By Keegan Hamilton
By Albert Samaha
By Village Voice staff
By Tessa Stuart
By Albert Samaha
By Steve Weinstein
By Devon Maloney
By Tessa Stuart
The primary duty of a lawyer engaged in public prosecution is not to convict but to see that justice is done. Canon of Professional Ethics, Canon 5
I may have been partly responsible for Robert Morgenthau's initial decision to run for district attorney of Manhattan County, an office he has long occupied with integrity.
When the legendary, if overly venerated, Frank Hogan died in 1974, the morning line had it that Assistant District Attorney Richard Kuh would be his successor. It was Kuh who had relentlessly and successfully prosecuted Lenny Bruce for obscenity. The conviction destroyed Lenny's career and ultimately greatly contributed to his despair and death.
Lenny's ardent faith in the First Amendment was eventually redeemed when his conviction was overturned by an appellate court, but Lenny was in his grave by then.
Having attendedand been a witness atLenny's trial, I could testify to Kuh's Torquemada style of prosecution. At one point in court he had asked me, in a roar, if it was not true that I, a defense witness, had written a book praising a convicted felon. I had indeed, I saidreferring to my admiring biography of pacifist A.J. Muste, a key strategist in the anti-Vietnam War movement, who had been imprisoned for acts of nonviolent civil disobedience in protest against the war.
The unavoidable question for Robert Morgenthau is how he can continue in fairness to prosecute Oliver Jovanovic after his office has offered to drop the case in return for time served and some admission of guilt.
As someone with a more than nodding acquaintance with the Bill of Rights, I was uneasy at the prospect of Kuhwho was Hogan's choice for successorbecoming Manhattan's district attorney, and wrote a three-part series in the Voice on his lack of commitment to the First Amendment, among other parts of the Bill of Rights. The series was based on interviewsnot for attributionwith a number of his colleagues in the district attorney's office and other members of the criminal justice system.
After the series ran, I got a call from Robert Morgenthau, whom I had never before met or spoken to. I knew that he had been United States attorney for the Southern District from 1961 to 1970. He wanted to discuss my critical views of Kuh, and I told him I'd answer any of his questions.
Morgenthau told me he hadn't thought of running for district attorney of Manhattan County, but might consider the possibility now that he'd read the series. The result of his deliberations is that Richard Kuh is in private practice, and Morgenthau has been the D.A. for 26 years.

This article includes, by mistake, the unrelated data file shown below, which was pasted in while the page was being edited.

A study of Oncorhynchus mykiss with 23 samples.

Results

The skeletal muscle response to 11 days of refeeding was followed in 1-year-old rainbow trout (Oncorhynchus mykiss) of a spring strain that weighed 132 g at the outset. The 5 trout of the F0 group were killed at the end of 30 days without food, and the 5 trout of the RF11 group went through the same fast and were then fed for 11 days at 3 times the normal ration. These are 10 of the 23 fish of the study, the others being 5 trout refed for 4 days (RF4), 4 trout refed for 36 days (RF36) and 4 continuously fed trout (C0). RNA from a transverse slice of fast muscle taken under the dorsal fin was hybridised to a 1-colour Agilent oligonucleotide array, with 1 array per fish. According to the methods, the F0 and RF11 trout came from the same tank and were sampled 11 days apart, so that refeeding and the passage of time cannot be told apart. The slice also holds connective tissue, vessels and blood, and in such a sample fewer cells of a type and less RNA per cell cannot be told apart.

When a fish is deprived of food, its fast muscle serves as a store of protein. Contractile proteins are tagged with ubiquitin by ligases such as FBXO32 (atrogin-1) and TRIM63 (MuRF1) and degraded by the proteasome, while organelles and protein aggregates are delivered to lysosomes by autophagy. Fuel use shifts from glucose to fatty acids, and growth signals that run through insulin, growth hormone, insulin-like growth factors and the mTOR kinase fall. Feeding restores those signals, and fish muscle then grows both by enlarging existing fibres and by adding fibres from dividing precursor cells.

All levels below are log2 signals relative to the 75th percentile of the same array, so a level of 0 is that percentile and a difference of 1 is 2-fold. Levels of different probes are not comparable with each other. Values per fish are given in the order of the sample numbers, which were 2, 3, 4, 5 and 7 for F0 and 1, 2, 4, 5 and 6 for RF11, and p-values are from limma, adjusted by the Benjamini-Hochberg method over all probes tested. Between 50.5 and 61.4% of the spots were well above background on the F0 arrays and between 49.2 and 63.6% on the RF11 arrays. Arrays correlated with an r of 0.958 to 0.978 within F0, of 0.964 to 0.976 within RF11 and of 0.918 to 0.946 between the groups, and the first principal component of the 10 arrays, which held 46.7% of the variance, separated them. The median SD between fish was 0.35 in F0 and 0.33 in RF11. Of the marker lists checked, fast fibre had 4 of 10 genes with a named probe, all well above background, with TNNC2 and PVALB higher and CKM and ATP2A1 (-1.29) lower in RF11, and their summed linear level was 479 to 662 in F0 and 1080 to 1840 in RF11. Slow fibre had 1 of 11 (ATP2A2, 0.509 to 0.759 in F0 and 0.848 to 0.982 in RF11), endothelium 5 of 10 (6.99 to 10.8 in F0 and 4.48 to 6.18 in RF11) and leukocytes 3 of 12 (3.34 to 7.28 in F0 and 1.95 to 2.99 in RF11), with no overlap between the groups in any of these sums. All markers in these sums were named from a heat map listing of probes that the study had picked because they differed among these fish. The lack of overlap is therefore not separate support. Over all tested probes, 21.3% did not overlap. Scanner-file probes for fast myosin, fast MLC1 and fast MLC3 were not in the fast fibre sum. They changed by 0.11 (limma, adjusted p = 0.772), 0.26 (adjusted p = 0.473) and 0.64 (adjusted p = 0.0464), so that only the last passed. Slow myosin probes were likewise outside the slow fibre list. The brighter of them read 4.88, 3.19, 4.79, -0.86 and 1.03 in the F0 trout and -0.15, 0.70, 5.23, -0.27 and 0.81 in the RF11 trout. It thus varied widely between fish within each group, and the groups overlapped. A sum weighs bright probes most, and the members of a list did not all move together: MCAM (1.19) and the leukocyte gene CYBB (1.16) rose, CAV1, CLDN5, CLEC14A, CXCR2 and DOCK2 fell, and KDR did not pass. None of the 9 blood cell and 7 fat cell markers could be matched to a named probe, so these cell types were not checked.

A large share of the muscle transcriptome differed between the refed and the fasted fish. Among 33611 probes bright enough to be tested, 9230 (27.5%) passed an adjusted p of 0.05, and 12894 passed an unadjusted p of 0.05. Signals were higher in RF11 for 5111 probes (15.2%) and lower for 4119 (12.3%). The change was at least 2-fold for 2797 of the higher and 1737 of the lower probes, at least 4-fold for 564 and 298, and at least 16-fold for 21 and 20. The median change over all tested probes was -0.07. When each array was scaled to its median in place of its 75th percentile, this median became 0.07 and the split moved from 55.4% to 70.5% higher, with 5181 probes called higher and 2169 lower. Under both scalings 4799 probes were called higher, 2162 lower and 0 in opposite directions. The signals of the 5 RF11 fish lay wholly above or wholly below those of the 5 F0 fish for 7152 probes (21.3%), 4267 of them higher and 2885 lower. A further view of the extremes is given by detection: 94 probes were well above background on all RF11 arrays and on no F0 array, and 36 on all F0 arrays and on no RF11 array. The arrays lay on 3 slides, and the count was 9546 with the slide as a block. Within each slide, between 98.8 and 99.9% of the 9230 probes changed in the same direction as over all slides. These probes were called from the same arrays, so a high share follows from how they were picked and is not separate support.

Now, Morgenthauafter a long career as a district attorney known for hands-on attention to cases, particularly difficult onesis faced with a defining moment in his career. Will he, in a highly publicized casewhich received national, and often lurid, coverage the first time aroundaccept his obligation to secure justice rather than add to his list of convictions?
On May 29, 1998, a jury convicted Oliver Jovanovic of kidnapping in the first degree, sexual abuse in the first degree (three counts), assault in the second degree, and assault in the third degree. He was sentenced to a minimum of 15 years in prison. The Internet played an intimate role in the evolution of the case, and the key charge, which received sensational coverage in the press, was sexual torture.
On December 21, 1999, the First Department, Supreme Court, Appellate Division, reversed the conviction and remanded the case for a new trial. The four-judge panel sharply criticized the original trial judgeJustice William A. Wetzel of state supreme courtfor a series of erroneous rulings against the defense, particularly his misinterpretations of what is admissible, and not admissible, under the Rape Shield Law.
The appellate court's analysis of that law, which offers reputational protections to women charging rapebut within constitutional limitsis now the leading Rape Shield Law decision in this state. In a future column, I'll detail how Judge Wetzel fumblingly misunderstood that law and how he thereby crippled the defense.
This same Judge William Wetzel had initially been assigned the retrial. His way of manifesting judicial temperament during the first trial brought to mind the choleric 19th-century justice of the peace Roy Bean, "the law west of the Pecos."
When the key evidence for the defense that was denied by Judge Wetzeland that has now been allowed by the appellate divisionis considered, the prosecution's case against Jovanovic is weak, so weak that the defendant was reportedly offered a deal by the prosecution. This was referred to in the May 11 New York Times.
The deal was time served (he has already served close to two years in prison) and no further prison term if he'd plead guilty to a misdemeanor. No further negotiations were entered into because Jovanovic refused to plead guilty to anything.
The prosecution denies the plea was offered, but that's a spin. The deal was phrased: "Ifthe defendant will . . . " (Emphasis added.) When Jovanovic turned it down, the prosecution said this was only a speculative offer. I have confirmed it was actually made.